Publisher: Orenda Books
Publication date: Kindle – 1st December 2015 / Paperback – 22nd January 2016
A shooting on a dark and treacherous night, the intermittent ramblings of a psychiatric patient, and me, perched on the edge of my seat – in these early days of 2016 I truly believe I’ve discovered a new favourite crime series: YES. I’M IN AWE OF ARI THOR.
As a subtle menace worms its way into a close knit Icelandic community, Ari Thor must rouse himself from his sick bed and shake the grip of Influenza to investigate the good people of Siglufjordur. They are a close community indeed, where someone is a cold-blooded killer.
The poor bloke is not in the most ideal position to root out a bad egg threatening their peaceful existence. Circumstances are not ideal for our Ari. After being passed over for promotion as police inspector and treating his superior with less respect than he should have, in light of recent events Ari is riddled with guilt. His personal life doesn’t fair much better either, as he’s left considering the distance that Kristen, his girlfriend and mother of his ten month old son, is putting between them. The isolation of this landscape could cause major issues for an intriguing loner like Ari, but occasionally his character shows a surprising contemplative side.
Endeavour he must. A shooting in this part of the world is a rare occurrence and quickly makes the headlines. It must be dealt with swiftly to prevent ripples of fear creeping into the minds of the residents and farther afield. Ari’s enquiries see him partnered with his old boss, Tomas, who has been recalled from a move to Reykjavik to head up the investigation. Although Ari is initially irked by the decision to bring someone else in to supervise the case, Tomas is also an old friend and Ari knows that petty grievances could get in the way of the truth.
The two of them must tread carefully to not rock the boat that’s being steered toward political waters. A turn in the wrong direction could easily see your career nosedive and that would be regrettable.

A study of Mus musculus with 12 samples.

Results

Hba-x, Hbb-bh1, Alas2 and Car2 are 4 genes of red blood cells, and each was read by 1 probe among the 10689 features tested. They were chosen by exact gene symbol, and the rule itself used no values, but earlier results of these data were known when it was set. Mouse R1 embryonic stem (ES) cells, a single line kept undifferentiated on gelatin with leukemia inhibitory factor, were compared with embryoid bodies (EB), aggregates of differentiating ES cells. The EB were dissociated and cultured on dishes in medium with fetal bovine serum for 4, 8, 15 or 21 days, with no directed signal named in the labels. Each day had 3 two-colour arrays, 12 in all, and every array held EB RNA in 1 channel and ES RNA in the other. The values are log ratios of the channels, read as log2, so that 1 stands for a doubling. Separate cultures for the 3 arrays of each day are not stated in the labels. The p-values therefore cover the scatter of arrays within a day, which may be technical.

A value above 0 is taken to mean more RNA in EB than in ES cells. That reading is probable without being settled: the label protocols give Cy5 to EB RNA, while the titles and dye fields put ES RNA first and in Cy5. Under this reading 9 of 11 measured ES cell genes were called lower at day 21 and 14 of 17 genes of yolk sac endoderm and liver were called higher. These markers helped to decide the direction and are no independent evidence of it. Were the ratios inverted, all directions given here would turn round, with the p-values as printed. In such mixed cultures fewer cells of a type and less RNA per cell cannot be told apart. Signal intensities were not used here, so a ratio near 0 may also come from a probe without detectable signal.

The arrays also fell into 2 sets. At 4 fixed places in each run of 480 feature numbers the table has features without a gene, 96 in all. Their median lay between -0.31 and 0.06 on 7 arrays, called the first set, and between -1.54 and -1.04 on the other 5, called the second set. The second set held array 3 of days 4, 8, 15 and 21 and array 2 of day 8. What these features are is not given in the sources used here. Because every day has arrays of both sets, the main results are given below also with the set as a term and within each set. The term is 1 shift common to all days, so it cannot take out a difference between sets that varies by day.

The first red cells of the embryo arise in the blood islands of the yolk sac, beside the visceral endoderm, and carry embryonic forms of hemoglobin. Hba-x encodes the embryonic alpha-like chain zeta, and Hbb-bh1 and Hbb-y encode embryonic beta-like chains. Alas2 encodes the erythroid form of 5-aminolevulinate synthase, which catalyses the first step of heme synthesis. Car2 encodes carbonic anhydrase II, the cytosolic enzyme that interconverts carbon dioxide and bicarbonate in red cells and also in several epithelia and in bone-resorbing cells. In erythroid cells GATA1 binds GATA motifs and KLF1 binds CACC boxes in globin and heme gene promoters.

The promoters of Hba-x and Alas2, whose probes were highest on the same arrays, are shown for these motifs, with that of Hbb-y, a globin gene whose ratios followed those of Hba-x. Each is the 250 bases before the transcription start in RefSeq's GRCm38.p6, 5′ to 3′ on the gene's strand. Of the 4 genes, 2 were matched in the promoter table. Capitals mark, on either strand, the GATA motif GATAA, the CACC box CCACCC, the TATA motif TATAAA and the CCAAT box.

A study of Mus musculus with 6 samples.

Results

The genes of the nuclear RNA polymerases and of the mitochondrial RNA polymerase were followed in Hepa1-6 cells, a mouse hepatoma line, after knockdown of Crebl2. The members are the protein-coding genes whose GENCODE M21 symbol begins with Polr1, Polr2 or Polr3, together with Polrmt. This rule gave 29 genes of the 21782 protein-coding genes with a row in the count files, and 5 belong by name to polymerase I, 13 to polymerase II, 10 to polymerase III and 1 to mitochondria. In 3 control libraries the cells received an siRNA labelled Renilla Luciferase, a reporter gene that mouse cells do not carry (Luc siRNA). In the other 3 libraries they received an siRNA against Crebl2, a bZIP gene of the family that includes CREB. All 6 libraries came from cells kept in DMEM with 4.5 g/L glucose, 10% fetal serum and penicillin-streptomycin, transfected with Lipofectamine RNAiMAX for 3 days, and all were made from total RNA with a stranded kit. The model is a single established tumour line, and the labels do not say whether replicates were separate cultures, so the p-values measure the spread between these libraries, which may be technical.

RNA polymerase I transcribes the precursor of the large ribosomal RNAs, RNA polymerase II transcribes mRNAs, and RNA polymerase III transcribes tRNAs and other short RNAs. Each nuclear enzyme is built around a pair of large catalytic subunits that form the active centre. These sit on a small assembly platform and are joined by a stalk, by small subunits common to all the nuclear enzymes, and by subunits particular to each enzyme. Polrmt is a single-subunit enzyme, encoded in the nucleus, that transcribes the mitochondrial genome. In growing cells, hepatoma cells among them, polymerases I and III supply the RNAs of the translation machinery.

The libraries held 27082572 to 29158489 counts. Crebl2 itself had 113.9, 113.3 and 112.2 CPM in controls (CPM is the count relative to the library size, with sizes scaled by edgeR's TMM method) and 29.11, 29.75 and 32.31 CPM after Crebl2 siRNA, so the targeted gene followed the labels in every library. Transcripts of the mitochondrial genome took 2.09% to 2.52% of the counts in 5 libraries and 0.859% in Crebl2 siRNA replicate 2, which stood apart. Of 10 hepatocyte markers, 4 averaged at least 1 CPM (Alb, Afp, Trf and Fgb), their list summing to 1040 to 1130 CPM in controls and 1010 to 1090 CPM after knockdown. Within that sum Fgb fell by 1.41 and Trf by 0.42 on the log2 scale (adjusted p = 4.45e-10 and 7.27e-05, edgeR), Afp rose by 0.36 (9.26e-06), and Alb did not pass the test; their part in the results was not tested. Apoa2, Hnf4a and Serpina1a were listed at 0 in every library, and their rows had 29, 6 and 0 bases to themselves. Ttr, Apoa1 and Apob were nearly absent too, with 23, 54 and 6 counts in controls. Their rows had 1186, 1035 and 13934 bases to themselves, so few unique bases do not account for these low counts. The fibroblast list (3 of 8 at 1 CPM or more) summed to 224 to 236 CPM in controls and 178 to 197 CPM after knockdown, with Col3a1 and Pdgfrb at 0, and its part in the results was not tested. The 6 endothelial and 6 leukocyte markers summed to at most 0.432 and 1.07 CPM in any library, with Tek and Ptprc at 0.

A silent threat tiptoes throughout the book to quietly reveal the secrets of good people, nice people. Some of them hoping the snow will muffle the trouble that goes on behind closed doors.
Nightblind is a thriller of distinction. It possesses a majestic quality and reigns supreme. With its superb blend of moody environment, undercurrent of unease, and pitch-perfect pace, right now I’m thinking I’ll be hard-pressed to find another book to rival it.
Oh, in case you were wondering, although this is the second book in the Dark Iceland series it can be read as a stand alone with absolutely no worries.
MY RATING: 5/5, AND THEN SOME.
Siglufjörður: an idyllically quiet fishing village on the northernmost tip of Iceland, accessible only via a small mountain tunnel. Ari Thór Arason: a local policeman, whose tumultuous past and uneasy relationships with the villagers continue to haunt him. The peace of this close-knit community is shattered by the murder of a policeman – shot at point-blank range in the dead of night in a deserted house.
With a killer on the loose and the dark arctic winter closing in, it falls to Ari Thór to piece together a puzzle that involves tangled local politics, a compromised new mayor, and a psychiatric ward in Reykjavik, where someone is being held against their will. Then a mysterious young woman moves to the area, on the run from something she dare not reveal, and it becomes all too clear that tragic events from the past are weaving a sinister spell that may threaten them all. Dark, chilling and complex, Nightblind is an extraordinary thriller from an undeniable new talent.
Ragnar Jonasson is author of the international bestselling Dark Iceland series. His debut Snowblind, first in the Dark Iceland series, went to number one in the kindle charts shortly after publication. Ragnar was born in Reykjavik, Iceland, in 1976, where he works as a lawyer. He also teaches copyright law at Reykjavik University and has previously worked on radio and television, including as a TV-news reporter for the Icelandic National Broadcasting Service.
Ragnar is a member of the UK Crime Writers’ Association (CWA) and recently set up the first overseas chapter of the CWA, in Reykjavik. He is also the co-founder of the Reykjavik international crime writing festival Iceland Noir. From the age of 17, Ragnar translated 14 Agatha Christie novels into Icelandic. He has appeared on festival panels worldwide, and lives in Reykjavik with his wife and young daughters. Blackout will be published by Orenda Books in 2016.